Biliary tract reconstruction continues to be a challenging surgical problem. Multiple experimental attempts have been reported to reconstruct biliary defects with different materials and variable outcome. Our aim was to evaluate a new method for biliary reconstruction using an isolated pedicled gastric tube in a live animal trial and also to present the first clinical case.
Seven mongrel dogs underwent biliary reconstruction using gastric tube harvested, completely separated from the greater curvature, and based on a vascularized pedicle with the right gastroepiploic vessels. The tube was interposed between the common bile duct (CBD) and the duodenum. Postoperative mortality, morbidity, liver functions, gross and microscopic histological picture were assessed. The first clinical case was also presented where, in a patient with post-cholecystectomy biliary injury, an isolated pedicled gastric tube was interposed between the proximal and distal ends of the CBD.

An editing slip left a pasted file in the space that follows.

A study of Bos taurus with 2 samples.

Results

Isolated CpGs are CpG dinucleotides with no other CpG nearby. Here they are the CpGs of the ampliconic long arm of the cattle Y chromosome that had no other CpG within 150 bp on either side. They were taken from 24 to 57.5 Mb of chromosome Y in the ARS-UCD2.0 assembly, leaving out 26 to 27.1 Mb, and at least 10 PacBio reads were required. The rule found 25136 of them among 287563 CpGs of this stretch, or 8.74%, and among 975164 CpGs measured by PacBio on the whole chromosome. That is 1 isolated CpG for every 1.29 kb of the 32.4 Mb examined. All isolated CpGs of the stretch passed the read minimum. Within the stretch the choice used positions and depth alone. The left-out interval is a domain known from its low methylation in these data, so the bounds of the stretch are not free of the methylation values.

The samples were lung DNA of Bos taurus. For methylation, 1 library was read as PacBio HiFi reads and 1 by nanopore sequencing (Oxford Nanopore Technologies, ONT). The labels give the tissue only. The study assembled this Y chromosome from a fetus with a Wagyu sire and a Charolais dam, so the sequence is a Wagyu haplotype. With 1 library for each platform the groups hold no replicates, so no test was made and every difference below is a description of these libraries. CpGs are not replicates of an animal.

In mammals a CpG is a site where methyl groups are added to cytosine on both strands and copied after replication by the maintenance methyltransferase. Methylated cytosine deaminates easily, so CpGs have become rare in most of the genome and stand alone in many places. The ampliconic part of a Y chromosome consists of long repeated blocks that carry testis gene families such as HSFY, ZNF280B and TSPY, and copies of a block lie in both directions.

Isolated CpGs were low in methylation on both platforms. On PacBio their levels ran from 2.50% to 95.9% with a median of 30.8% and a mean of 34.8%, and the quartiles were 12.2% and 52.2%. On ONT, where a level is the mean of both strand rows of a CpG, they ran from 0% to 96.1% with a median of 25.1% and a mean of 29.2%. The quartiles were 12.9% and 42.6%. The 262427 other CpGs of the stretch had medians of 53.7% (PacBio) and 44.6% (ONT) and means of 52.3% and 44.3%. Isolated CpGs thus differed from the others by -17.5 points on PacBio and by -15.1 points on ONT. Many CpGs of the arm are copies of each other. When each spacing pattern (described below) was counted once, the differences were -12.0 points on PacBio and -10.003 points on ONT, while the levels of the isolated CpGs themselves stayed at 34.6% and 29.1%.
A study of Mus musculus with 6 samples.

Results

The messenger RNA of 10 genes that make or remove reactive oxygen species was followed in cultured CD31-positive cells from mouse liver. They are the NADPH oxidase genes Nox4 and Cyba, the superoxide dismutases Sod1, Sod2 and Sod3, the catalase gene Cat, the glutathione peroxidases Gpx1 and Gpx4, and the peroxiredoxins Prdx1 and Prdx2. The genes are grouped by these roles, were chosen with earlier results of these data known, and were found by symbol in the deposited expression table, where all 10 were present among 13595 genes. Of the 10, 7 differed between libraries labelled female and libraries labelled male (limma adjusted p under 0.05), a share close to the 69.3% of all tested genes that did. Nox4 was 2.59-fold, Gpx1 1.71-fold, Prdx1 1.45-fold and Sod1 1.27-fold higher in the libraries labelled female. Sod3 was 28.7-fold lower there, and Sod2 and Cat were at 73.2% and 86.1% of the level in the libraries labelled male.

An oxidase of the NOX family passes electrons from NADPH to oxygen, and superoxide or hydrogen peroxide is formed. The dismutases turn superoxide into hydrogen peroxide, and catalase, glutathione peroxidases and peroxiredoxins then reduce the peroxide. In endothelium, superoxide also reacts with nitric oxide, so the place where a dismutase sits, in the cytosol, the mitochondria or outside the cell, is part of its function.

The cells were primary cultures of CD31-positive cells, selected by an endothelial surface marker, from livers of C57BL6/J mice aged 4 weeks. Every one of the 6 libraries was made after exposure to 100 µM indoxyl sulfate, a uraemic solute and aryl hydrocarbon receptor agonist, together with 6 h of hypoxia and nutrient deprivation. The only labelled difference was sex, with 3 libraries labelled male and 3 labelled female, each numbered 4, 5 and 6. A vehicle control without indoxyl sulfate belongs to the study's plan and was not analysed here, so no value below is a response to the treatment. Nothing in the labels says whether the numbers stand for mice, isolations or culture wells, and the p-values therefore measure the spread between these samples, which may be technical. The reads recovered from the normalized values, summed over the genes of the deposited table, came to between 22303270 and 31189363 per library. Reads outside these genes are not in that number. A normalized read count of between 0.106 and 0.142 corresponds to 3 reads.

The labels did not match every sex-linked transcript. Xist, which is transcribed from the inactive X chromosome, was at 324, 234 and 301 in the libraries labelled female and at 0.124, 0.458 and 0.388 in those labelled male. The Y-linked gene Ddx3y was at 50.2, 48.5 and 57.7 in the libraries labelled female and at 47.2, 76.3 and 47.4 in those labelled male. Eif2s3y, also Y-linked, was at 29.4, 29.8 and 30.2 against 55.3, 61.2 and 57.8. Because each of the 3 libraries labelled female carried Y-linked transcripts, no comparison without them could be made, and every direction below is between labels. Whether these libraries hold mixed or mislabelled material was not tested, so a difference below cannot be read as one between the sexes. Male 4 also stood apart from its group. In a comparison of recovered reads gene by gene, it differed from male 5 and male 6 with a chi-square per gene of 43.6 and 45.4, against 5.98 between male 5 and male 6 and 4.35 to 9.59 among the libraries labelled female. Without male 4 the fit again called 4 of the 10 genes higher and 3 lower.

One dog did not recover from anesthesia and another one died postoperatively from septic peritonitis. Five dogs survived the procedure and showed uneventful course and no cholestasis. The mean anastomotic circumference was 4.8 mm (range 4-6) for CBD anastomosis and 6.2 mm (range 5-7) for duodenal anastomosis. Histologically, anastomotic sites showed good evidence of healing. In the first clinical case, the patient showed clinical and biochemical improvement. Endoscopic retrograde cholangiography was feasible and assured patent biliary anastomoses.
In mongrel dogs, biliary reconstruction using pedicled gastric tube interposition between CBD and duodenum is feasible with satisfactory clinical results, anastomotic circumference and histological evidence of healing. The technique is also feasible in human and seems to be promising.